If scenery is important to you, take a good look at your cruise itinerary before selecting your cabin, specifically if you are choosing an outside or balcony. On a roundtrip Caribbean cruise or a transatlantic crossing, for example, the side of the ship you are on does not really matter. If, on the other hand, you are doing a one-way sailing (such as a southbound Alaska cruise or a trip from Barcelona to Rome), you might want to consider choosing a cabin on the side of the ship that faces the land. Sometimes the views can be breathtaking, and you would not get those views from the cabins that face out to the open sea.
If you tend to get seasick, cabin location is really important. It is a question of engineering, really. The lower and more central you are in a ship, the less roll and sway you will feel. Even if you choose a balconied stateroom, choose the lowest level and the most midship one you can find. The higher decks and cabins at the very front (forward) or back (aft) of the ship will rock and roll the most.
Exception: Carnival has several cabins which are classified as inside cabins but actually have a french glass door which allows light into the room (no balcony, but the door can be opened). Carnival also has some cabins that have a window, but because the window has an obstructed view (that means there is a railing or object in the way) it is listed as an inside cabin. Royal Caribbean has some cabins that have a window but look out over an inside promenade area. These are called "promenade staterooms".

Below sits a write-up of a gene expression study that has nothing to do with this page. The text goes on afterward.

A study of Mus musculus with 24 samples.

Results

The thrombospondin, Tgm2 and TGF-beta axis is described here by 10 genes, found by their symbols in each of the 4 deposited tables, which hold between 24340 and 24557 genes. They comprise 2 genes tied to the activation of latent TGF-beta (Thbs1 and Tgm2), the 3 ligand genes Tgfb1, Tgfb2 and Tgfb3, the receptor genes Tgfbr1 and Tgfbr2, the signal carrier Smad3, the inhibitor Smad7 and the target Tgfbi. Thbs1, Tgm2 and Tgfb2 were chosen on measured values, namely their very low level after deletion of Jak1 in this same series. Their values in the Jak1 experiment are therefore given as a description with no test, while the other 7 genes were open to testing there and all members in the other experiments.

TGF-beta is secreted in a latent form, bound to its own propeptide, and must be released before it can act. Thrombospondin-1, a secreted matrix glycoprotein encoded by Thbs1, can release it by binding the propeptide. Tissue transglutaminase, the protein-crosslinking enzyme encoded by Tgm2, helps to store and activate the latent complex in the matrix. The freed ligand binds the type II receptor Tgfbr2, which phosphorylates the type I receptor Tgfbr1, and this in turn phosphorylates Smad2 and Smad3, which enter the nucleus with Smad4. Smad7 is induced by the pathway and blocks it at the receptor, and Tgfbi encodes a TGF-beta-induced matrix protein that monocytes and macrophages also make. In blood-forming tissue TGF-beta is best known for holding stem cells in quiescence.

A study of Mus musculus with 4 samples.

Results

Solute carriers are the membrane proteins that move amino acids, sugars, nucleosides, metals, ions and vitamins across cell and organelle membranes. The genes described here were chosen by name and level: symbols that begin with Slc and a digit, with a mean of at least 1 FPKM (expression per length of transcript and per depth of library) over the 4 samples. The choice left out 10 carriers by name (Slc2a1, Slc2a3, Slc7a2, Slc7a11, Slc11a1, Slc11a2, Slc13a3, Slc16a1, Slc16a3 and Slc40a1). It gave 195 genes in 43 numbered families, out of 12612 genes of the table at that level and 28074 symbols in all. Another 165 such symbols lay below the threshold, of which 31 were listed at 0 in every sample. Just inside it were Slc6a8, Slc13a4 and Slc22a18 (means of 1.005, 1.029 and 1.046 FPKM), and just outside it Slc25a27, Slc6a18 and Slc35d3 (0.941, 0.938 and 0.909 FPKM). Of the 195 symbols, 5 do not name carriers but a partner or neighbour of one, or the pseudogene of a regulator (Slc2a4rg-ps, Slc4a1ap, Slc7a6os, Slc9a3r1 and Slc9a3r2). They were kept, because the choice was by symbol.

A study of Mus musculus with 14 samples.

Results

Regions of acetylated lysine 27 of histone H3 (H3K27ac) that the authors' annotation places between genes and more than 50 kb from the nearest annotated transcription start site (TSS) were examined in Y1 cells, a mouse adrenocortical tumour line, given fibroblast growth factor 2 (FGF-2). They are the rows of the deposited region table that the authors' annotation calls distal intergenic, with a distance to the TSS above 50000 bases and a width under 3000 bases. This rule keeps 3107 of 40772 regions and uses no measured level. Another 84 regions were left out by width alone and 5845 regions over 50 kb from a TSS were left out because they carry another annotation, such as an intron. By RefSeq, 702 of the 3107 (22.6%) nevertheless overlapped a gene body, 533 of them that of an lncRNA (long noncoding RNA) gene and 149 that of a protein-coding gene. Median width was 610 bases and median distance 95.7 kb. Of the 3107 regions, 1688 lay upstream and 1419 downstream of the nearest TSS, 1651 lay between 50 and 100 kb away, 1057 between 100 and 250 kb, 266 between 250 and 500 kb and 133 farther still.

On many ships, basic inside and outside cabins are usually the same size, the difference being that one has a porthole or picture window to let in natural light. Balcony cabins can also be the same size as standard insides and outsides, with the addition of the outdoor space on the verandah; sometimes the interior space is larger. A basic cabin, regardless of category, is referred to as a "standard" unless there is something about it that makes it different (such as physical layout, being handicapped accessible or a designated family cabin). With minisuites on up, you get bigger and bigger indoor and outdoor spaces.